Most of us tend to be pretty loyal when it comes to our personal hygiene items. Think about it… When was the last time you switched soap brands or types? And bar soap and liquid soap users can really get in a lather about their product choices.
Bar soap users say liquid soap doesn’t get them totally clean. Liquid soap users say bar soap dries their skin and harbors bacteria.
But really, is one better than the other? Does one kind of soap deserve your loyalty?
It’s Just Chemistry
The base ingredients in any soap are oil, water, and lye. Soap is born when the lye and oil react, which is called saponification. Two types of lye are used: sodium hydroxide makes solid soap, and potassium hydroxide makes liquid soap. Some people worry about lye, but it’s important to note that soap cannot be made without lye, and once saponification is complete, no lye actually remains.
Adding in different oils or ingredients adds colors, scents, or moisturizing benefits. Typically, body washes have a thinner consistency, whereas shower gels are a bit thicker, but many companies use the names interchangeably. Most liquid soaps contain detergents or foaming ingredients (like sodium laureth sulfate, or SLS), plus added fragrance and color. These additional ingredients are more easily added in liquid soaps, because the PH balance is more flexible.
Glycerin soaps can be made naturally, without synthetic ingredients, and are known for their extremely hydrating properties. They are ideal for sensitive and dry skin types, and can soothe acne breakouts and eczema.
Dry or a Lie?
Liquid soaps are known for their moisturizing benefits, but bar soaps get a bad rap for drying out our skin. That’s because sodium hydroxide strips away the skin’s oils. But not all bar soaps are drying. In fact, many now contain moisturizing ingredients as well.
Soap film can be mistaken for dryness, but it’s actually a thin layer of oil that can be left by both bar and liquid soaps. These films are helpful for hydrating and locking in moisture. In fact, you should be wary of soaps that don’t leave a film — those formulas tend to strip away natural oils and are harsh on skin.
Some people avoid bar soap because they think it breeds bacteria between uses. But studies show bacteria levels on bar soaps are very minimal, and they don’t leave behind a detectable amount of bacteria on the skin.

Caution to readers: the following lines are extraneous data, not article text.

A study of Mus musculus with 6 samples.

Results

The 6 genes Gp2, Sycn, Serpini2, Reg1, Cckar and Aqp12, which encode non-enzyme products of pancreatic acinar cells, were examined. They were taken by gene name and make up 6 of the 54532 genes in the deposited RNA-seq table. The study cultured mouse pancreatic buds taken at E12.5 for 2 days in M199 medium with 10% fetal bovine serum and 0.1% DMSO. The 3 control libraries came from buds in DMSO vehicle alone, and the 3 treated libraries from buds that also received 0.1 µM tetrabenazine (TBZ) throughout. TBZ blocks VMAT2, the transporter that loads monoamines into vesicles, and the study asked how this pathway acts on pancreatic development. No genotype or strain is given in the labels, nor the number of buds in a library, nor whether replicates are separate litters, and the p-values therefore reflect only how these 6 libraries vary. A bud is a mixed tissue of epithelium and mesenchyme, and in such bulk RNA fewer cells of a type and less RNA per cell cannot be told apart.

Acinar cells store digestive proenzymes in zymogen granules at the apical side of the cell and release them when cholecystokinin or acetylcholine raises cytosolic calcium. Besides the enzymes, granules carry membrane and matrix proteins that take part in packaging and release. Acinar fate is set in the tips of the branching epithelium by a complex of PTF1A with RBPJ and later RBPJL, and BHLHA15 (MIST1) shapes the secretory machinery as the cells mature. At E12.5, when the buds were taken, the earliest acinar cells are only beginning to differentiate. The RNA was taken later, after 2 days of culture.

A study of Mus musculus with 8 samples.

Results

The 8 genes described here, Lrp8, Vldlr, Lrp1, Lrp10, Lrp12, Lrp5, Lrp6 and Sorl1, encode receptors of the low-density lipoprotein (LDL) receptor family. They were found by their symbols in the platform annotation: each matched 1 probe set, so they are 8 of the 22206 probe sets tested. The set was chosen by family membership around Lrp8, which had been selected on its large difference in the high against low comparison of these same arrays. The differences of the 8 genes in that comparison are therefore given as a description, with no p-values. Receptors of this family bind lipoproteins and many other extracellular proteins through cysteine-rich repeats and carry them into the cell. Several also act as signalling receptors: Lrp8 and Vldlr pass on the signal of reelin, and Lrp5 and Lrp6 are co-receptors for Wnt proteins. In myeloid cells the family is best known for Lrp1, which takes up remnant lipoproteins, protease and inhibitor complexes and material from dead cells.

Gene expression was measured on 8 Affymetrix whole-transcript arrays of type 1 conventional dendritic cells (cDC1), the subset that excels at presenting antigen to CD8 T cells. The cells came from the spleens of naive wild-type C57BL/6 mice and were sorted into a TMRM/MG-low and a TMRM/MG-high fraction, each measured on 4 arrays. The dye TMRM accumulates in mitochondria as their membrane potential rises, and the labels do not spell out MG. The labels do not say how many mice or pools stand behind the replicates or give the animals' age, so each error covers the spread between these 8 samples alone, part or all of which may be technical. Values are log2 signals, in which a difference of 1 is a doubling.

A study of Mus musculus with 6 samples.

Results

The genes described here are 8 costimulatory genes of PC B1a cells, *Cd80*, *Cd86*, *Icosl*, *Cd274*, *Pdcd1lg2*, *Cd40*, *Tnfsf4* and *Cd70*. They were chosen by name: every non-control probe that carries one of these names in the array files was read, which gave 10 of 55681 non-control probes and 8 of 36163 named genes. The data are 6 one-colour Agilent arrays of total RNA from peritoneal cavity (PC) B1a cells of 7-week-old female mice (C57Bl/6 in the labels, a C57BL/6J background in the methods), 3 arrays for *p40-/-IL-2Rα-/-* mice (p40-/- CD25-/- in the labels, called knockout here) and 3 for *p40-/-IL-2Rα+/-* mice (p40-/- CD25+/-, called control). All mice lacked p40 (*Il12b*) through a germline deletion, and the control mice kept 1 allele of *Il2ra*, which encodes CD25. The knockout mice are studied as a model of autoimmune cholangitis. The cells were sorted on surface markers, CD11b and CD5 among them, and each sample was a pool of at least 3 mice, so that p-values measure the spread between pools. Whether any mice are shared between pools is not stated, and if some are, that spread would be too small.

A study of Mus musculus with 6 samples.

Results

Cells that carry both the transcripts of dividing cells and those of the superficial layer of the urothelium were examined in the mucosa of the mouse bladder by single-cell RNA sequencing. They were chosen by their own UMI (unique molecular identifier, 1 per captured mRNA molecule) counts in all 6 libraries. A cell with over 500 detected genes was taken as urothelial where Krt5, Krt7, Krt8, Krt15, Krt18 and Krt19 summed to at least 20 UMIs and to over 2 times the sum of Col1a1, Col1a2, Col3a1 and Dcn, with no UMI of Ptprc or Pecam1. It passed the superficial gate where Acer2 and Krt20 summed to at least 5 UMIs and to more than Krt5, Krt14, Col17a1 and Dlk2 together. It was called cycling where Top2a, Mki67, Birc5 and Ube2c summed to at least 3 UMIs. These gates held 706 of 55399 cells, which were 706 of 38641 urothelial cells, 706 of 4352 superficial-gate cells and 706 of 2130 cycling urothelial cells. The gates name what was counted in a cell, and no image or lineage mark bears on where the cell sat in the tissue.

In actuality, using liquid soaps with loofahs can lead to more bacteria exposure. Dead skin cells get caught in the netting when you scrub, and the warm, moist conditions in your bathroom help bacteria grow. It’s best to keep your loofah in a dry place between washings and replace it every few months – especially if it starts to smell!
The True Costs
If you want to use a soap that is wallet and environmentally friendly, bar soap is the obvious choice. Bar soaps usually cost significantly less than their liquid alternative and tend to offer more uses than liquid bottles. Plus, the cardboard packaging is recyclable and biodegradable. In contrast, it’s pretty easy to accidentally squirt wasteful amounts of liquid soaps, and the plastic bottles they come in aren’t exactly green.
The Bottom Line
Both bar soaps and liquid soaps both remove dirt, bacteria, and natural body oils. Bar soaps are technically more cost effective, but it’s more important to choose a soap — whatever its form — that’s best for your skin type. If you’re acne-prone, try an antibacterial soap with active ingredients, such as salicylic acid. If you have dry skin, look for soaps that include moisturizing ingredients like shea butter or colloidal oatmeal.
No matter which soap you choose, make sure you apply a moisturizing body lotion after you shower to replenish moisture to your skin.